Monday, April 25, 2016

Relational Savvy

Being a good advocate really takes a lot of people skills. An advocate needs a strong emotional quotient. known as EQ

    Emotional intelligence (EQ) is the ability to identify, understand, and regulate your own emotions in positive ways to reduce stress, communicate effectively, show empathy and overcome challenges inhandling situations that have the potential to escalate.
    As you prepare for a situation that will require advocating, don't overlook the "soft skills" that may make the biggest difference in outcomes.
  1. Recognize the situations that cause various negative reactions. Identify how our body responds in these situations (tightening shoulders, voice becomes high pitched) as well as the accompanying emotions. What will you do to remain calm if tis occurs?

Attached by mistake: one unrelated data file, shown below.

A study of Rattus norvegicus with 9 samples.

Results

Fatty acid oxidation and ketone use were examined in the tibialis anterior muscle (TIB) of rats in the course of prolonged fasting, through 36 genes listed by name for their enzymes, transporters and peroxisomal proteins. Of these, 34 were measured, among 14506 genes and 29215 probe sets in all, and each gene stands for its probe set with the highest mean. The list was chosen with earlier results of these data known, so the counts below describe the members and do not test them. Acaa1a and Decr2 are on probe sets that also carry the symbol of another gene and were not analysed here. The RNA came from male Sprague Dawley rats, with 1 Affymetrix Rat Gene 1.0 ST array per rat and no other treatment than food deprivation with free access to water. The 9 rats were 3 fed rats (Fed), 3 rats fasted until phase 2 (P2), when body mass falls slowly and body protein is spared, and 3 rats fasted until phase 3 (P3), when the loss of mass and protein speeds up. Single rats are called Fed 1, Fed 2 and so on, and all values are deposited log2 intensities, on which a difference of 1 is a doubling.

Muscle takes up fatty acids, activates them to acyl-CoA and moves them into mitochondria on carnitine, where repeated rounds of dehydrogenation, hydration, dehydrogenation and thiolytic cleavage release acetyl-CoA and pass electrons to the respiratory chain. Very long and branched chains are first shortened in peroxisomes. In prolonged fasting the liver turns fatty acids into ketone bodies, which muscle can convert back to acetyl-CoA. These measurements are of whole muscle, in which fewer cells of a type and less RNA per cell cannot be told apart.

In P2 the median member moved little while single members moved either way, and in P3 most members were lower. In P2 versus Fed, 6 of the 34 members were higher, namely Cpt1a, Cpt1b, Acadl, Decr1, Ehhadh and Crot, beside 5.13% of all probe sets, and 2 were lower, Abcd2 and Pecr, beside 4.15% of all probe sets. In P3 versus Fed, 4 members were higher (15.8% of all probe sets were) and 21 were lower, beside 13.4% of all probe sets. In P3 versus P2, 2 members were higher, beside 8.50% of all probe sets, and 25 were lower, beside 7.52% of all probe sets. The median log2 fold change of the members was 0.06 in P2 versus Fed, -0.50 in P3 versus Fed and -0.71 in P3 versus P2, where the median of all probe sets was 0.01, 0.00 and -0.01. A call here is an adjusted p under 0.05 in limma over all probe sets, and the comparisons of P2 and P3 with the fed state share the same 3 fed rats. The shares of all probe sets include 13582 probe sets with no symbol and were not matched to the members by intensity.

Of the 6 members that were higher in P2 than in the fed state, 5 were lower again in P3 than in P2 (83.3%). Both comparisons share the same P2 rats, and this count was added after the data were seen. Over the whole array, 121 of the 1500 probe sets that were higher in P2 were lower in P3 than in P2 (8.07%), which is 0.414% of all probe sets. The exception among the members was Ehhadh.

2. Plan how to use positive responses. Recognize what your "go to " negative responses were . in the past . Rehearse the positive responses you want to use if things become tense during a meeting.
  3. Go into the meeting willing to listen with an emphatic ear and heart.
  4. During the meeting watch others' body language while you and others are speaking. Adjust your approach if you sense that others body language is not positive or neutral toward you.
  5. A break or postponement of the meeting is better than heated words that cannot be erased.

Relational or EQ skills are the hardest part of the advocating process but may be the most important. It is hard to develop these. Your child will be the big winner if you communicate effectively with a little relational savvy!